Subject: (whorl) Re: Digest whorl.v005.n029
Date: Wed, 11 Jun 1997 23:55:00 

[Posted from WHORL, the mailing list for Gene Wolfe's Book of the Long Sun]

> "Craning his neck to look behind him, he saw a thin crescent of
> blinding light at the utmost reach of the plain.  At that moment
> it seemed to him that the Outsideer had grasped the entire whorl
> as a man might grasp a stick--grasped it in a hand immensly greater,
> of which no more than the tip of the nail on a single finger had
> appeared."
> Please grasp a cylinder--a pencil will do, or a soupcan.  No
> thrusting,
> just rotate it along its axis so that the crescents of your
> fingernails
> slowly appear over the top.  Or, more accurately: look at the can,
> then grasp it so that just your fingernails appear (i.e., no
> rotation--just grasping).  That is how I interpret the passage.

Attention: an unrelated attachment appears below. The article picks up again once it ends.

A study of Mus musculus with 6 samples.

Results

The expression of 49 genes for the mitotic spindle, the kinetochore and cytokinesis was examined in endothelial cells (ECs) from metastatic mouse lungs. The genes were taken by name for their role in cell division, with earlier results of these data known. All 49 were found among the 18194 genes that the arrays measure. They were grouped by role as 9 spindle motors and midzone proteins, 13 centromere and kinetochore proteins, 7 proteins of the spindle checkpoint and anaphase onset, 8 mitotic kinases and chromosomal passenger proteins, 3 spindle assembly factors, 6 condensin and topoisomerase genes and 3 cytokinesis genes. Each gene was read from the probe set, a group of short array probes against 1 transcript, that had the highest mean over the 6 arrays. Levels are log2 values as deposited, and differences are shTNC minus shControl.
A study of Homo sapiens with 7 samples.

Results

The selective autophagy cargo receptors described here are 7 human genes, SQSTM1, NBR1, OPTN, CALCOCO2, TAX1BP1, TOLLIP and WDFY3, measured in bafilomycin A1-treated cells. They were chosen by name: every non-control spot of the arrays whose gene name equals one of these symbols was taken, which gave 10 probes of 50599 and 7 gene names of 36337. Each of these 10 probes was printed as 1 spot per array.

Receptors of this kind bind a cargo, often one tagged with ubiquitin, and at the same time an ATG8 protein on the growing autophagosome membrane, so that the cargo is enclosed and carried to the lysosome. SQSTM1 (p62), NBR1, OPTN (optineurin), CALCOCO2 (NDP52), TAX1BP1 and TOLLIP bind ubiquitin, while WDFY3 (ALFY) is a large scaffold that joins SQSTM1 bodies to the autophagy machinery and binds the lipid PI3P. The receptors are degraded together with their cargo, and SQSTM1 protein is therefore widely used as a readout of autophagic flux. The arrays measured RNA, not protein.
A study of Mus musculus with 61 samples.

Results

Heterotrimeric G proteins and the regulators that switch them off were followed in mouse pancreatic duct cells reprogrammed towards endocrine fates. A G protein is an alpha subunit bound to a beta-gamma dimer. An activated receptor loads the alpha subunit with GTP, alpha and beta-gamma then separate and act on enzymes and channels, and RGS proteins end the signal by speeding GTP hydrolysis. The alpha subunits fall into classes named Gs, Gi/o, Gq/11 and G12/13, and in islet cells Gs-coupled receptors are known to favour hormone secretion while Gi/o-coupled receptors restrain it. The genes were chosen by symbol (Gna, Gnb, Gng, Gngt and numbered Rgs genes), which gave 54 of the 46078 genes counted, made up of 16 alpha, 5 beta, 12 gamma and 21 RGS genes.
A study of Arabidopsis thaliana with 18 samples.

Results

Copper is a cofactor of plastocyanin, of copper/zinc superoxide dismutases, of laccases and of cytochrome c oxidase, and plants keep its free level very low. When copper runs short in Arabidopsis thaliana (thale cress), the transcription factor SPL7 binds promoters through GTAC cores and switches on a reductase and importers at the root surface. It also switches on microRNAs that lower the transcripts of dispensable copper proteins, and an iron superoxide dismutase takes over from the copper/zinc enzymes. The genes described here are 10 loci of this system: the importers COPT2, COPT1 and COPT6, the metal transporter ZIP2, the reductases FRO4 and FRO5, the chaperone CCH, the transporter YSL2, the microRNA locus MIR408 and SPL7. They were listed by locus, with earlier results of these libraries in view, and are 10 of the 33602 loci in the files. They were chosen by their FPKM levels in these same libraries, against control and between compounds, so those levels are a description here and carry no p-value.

Well, how interesting. My own interpretation, from the first time I
looked at the passage, is much simpler. I assumed that he saw the sun
beginning to rise from the rounded horizon form of the hollowed asteroid
that is the Whorl. For that's exactly how the sun looks, especially on a
somewhat smoggy day, from a plain or the sea, like a gold-red sliver of
a giant fingernail tip here on Earth.

As for Chenille-Kypris's knife-throwing abilities, I think we could
easily assume that any supernatural being would have supernatural powers
of accuracy and strength, and rhythm too. To quibble about whether these
fit the image of the god's regional attributes is (a) silly when you're
talking about computerized god programs (someone has pointed this out);
(b) not consistent to what we know about ancient gods---look at mighty
Hera, supposedly a domestic goddess, or at fearsome Inanna, sometimes a
love-goddess; (c) face it, morts, a bit sexist. (Not that I think you're
a sexist group---I don't, you're not.)